Happiness is big business. Thousands of self-help books and programs promise they have the path to it. Psychologists all over the country are studying how we can attain it. Smart Phone apps allow you to track it.
But, some researchers say – stop chasing it!
In their weekly conversation, WHYY’s Behavioral Health reporter Maiken Scott and psychologist Dan Gottlieb discussed why some psychologists say the relentless pursuit of happiness is a real downer.
Scott: A lot of researchers are devoting their time to finding out how we can achieve happiness, and for a long time that was one of the hottest topics in mental health..
Gottlieb: Yes, we used to think that happiness was the thing, and now we’re getting what could be considered a happiness backlash. It was really started by Harvard Psychologist Daniel Gilbert who wrote a very important book called “Stumbling on Happiness,” where he suggested that happiness is something that we stumble upon, that we shouldn’t pursue it, that we don’t even know what it is.
And now even Martin Seligman from the University of Pennsylvania, the founding father of positive psychology who has written so much about happiness, even he now feels that the field of mental health is getting happiness wrong. And recently a team of researchers from Yale and the University of Denver reviewed a lot of the existing research out there and found that pursuing happiness can often make people feel worse and disappointed, self-absorbed..
Scott: Do you think we generally misunderstand what happiness is, or should be?
Gottlieb: I think we don’t know what happiness really is. I mean, is it a wonderful ice cream Sunday – that makes you happy. Then you watch a child go off to college, that makes you happy too! What is it really, we don’t know, and does it get sustained, or is it something that is temporary? I give a lecture called “Is Happiness necessary” and in it I say that the pursuit of happiness can make you miserable. That’s not the thing we are after. What we are really after is well-being.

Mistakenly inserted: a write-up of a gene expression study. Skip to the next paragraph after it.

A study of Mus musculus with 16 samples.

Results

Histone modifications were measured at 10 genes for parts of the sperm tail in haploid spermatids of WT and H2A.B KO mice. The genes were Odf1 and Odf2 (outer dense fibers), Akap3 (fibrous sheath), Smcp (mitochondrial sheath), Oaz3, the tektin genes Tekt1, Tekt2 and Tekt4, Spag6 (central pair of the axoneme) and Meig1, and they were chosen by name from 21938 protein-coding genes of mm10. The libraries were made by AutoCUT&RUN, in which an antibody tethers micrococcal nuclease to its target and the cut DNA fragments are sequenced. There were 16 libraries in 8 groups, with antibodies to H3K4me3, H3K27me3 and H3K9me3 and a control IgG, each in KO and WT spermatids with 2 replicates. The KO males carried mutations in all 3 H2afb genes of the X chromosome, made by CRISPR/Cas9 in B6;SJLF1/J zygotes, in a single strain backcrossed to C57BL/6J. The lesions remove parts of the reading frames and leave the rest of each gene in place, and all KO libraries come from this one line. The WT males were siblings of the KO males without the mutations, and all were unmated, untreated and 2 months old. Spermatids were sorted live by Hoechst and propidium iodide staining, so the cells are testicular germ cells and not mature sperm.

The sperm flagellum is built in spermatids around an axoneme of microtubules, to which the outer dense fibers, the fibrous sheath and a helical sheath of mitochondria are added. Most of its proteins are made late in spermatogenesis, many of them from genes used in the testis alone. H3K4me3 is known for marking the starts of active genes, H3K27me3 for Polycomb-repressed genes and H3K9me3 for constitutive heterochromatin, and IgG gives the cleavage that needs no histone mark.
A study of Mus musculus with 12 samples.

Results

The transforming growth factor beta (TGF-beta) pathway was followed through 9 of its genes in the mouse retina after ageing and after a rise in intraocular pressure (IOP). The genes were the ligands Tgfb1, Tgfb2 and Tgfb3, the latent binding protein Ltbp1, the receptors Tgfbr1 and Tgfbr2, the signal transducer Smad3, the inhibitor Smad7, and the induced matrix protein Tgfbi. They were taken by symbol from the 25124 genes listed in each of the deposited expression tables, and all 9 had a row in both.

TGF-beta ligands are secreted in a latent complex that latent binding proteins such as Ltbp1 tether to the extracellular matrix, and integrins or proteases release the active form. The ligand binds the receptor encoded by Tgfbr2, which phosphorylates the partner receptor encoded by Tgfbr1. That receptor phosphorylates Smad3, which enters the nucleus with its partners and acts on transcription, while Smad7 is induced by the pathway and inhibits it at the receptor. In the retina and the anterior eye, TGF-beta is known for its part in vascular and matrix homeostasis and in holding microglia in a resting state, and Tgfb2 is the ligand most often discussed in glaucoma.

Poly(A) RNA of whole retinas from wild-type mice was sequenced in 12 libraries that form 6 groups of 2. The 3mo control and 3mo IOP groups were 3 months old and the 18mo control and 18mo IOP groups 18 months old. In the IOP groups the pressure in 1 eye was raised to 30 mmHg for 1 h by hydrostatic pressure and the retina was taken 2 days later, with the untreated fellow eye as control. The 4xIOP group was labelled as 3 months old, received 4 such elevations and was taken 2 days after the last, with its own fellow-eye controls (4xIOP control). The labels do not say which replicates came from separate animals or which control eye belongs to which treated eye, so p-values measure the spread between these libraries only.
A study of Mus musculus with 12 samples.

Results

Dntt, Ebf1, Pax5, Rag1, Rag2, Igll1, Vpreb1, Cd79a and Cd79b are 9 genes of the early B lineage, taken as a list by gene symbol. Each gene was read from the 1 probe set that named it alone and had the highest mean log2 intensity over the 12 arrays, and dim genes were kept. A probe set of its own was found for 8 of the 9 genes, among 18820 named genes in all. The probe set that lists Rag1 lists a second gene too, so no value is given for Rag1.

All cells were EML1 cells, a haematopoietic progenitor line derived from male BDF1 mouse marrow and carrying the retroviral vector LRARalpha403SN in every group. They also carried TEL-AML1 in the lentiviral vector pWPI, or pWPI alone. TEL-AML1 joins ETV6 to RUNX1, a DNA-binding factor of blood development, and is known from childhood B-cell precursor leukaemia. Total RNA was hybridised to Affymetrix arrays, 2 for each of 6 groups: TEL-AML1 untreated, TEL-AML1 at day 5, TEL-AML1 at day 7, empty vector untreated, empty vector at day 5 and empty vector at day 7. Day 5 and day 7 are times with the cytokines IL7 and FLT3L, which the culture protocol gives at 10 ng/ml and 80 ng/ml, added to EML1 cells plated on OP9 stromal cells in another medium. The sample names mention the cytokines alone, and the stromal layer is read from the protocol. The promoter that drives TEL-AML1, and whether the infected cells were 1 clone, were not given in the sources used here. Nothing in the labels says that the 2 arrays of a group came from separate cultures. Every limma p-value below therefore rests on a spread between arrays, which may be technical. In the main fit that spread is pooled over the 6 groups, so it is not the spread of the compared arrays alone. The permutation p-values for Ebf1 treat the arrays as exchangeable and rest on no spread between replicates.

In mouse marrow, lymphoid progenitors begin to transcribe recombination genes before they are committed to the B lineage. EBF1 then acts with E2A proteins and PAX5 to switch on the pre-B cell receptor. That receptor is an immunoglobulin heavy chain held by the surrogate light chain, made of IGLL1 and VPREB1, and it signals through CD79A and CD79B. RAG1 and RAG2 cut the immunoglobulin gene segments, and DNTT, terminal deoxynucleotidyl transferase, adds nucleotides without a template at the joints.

Scott: What are some of the elements of well-being?
Gottlieb: We don’t look at things that are about self. We look at things that are about other. And what contributes to well-being is feeling that we’ve made a contribution to the world, that we have helped others with their lives, that we care about things outside of ourselves. I think the other issue that contributes to well-being is love. If we have love in our lives, and if we can feel love for others, feel it, not just know that we love, but feel it, a bodily sensation. And finally, if we feel that our lives, the lives we live day by day are consistent with our deepest values, that’s a very important question to reflect on that contributes to well-being.
Scott: In your practice, do you see a lot of people who are chasing after some idea of happiness that they have?
Gottlieb: Sure they do. An idea of happiness or personal justice that they think will make them happy. I hear phrases like “that’s not fair – that’s not fair that I have to live with x or y.” And the message is if I get what I think I deserve then I will be happy. Of course that’s not true. The question is living with what I have to live with, with grace, with joy, ideally even ideally with gratitude. And then you will get a sense of well-being, it’s not getting what you think you deserve, it’s living with what you have.
Scott: Do you think we often are happy, but are too busy to even notice how happy we are?
Gottlieb: Yes, more often than not. And if we can sit quietly, we can feel the love that’s in our lives, it’s there all the time, we just don’t notice it.
On the next Voices in the Family with Dan Gottlieb: the so-called dark side of happiness with psychologists June Gruber and Dacher Keltner.Gruber has written, in part, A Dark Side of Happiness? How, When, and Why Happiness Is Not Always Good. She’s an Assistant Professor of Psychology at Yale University and Director of the Yale Positive Emotion and Psychopathology (YPEP) Laboratory. Monday (6/13/11) at noon.